Nashvillians invited to dine, discuss tough topics

Chef and cultural critic Tunde Wey uses food to create provocative and transformative experiences. Wey will cook and presents food at The Post East to address issues of race and class.

New and native Nashvillians alike will have the opportunity this month to discuss issues of gentrification, displacement and income inequality over dinner, as nationally known chef-artist, Tunde Wey, presents H*t Chicken Sh**t, part of Metro Arts’ citywide temporary art exhibition, Build Better Tables.

Guests are invited to purchase tickets to one of three dinners given July 19, 20 and 21 at The Post East, 1701 Fatherland St., where Wey will prepare a dinner and facilitate discussion around topics including cultural appropriation, class privilege and a path forward in a rapidly developing and gentrifying Nashville.

The project is named for the spicy poultry that’s a cornerstone of Nashville culture, with the addition of the word ‘sheet,’ a tongue-in-cheek nod to the cooking processes and ingredients of Wey’s native Nigeria. H*t Chicken Sh**t is built upon the premise that there is a solution to the issue of gentrification, which Wey will reveal during the course of each evening.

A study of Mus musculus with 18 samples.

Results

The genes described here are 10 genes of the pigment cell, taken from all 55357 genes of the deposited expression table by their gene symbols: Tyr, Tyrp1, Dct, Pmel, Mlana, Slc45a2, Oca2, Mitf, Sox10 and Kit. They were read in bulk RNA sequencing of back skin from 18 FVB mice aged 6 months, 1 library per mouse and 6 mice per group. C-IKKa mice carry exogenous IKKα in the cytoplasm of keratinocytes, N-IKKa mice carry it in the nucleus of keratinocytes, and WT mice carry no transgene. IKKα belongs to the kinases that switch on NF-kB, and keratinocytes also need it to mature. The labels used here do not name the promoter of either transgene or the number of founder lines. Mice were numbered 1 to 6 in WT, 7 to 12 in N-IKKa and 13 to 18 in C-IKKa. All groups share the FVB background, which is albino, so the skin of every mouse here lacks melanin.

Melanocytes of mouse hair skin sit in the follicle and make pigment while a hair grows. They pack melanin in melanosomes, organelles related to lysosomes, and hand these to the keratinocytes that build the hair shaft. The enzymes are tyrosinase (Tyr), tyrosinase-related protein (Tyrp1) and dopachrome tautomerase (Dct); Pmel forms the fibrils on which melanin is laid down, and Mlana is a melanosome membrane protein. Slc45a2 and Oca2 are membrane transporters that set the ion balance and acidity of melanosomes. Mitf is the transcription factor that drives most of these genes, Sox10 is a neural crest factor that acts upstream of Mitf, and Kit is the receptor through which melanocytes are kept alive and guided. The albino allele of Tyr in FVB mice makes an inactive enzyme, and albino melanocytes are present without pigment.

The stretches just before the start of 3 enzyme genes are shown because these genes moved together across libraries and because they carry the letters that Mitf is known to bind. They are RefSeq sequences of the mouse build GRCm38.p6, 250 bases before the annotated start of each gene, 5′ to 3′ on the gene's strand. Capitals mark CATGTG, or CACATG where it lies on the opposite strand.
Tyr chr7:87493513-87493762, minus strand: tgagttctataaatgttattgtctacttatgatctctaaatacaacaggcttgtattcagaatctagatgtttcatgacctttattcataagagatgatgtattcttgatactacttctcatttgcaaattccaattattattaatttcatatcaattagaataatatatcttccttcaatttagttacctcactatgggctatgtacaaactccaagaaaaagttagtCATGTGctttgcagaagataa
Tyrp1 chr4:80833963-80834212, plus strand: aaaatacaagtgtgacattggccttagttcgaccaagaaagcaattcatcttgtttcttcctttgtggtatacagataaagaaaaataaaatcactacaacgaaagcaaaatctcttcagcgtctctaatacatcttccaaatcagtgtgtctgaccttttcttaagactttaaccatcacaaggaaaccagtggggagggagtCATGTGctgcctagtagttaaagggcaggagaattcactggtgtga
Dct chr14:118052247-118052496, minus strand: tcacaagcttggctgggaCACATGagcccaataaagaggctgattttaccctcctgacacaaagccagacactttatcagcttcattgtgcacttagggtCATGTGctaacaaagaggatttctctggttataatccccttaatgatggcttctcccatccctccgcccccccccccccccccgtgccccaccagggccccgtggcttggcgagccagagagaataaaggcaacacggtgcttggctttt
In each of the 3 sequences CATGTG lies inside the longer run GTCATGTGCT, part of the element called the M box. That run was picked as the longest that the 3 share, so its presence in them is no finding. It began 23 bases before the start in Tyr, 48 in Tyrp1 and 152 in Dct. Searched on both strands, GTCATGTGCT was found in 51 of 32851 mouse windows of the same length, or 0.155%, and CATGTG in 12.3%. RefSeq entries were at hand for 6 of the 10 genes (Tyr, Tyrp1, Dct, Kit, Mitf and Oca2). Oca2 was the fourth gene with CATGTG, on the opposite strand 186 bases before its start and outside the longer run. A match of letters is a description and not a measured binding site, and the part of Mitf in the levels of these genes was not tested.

Wey contends that the process of gentrification often starts with food spaces.

“Restaurants, coffee shops, and specialty grocery stores have become weaponized as tools of discriminatory development,” said Wey. “These food spaces access artificially depressed property prices, local and inexpensive labor, and our collective bias towards a redemptive narrative. Their initial success draws media attention, patronage from outside the community, and further investment in comparable businesses until everything is new and unwelcoming.”

“As we approach one of the final projects presented in the Build Better Tables exhibition, Metro Arts is interested in fostering hard conversations about the way our city is growing and changing,” said Metro Arts Interim Director Caroline Vincent. “Tunde Wey has brought people together in cities across the country to discuss complicated subjects, and having those discussions over a shared meal is central to the theme of Build Better Tables: how food intersects with the community.”

Curated by Nicole J. Caruth, Build Better Tables is Metro Arts’ inaugural citywide temporary public art exhibition.
Featuring projects from nine artists and organizations, Build Better Tables focuses on the intersection of food and community.

The artists’ projects include an outdoor bread oven and neighborhood hearth, a bicycle rickshaw for fresh produce delivery and dining events that explore the role of food in discriminatory development.

Learn more at BuildBetterTables.com.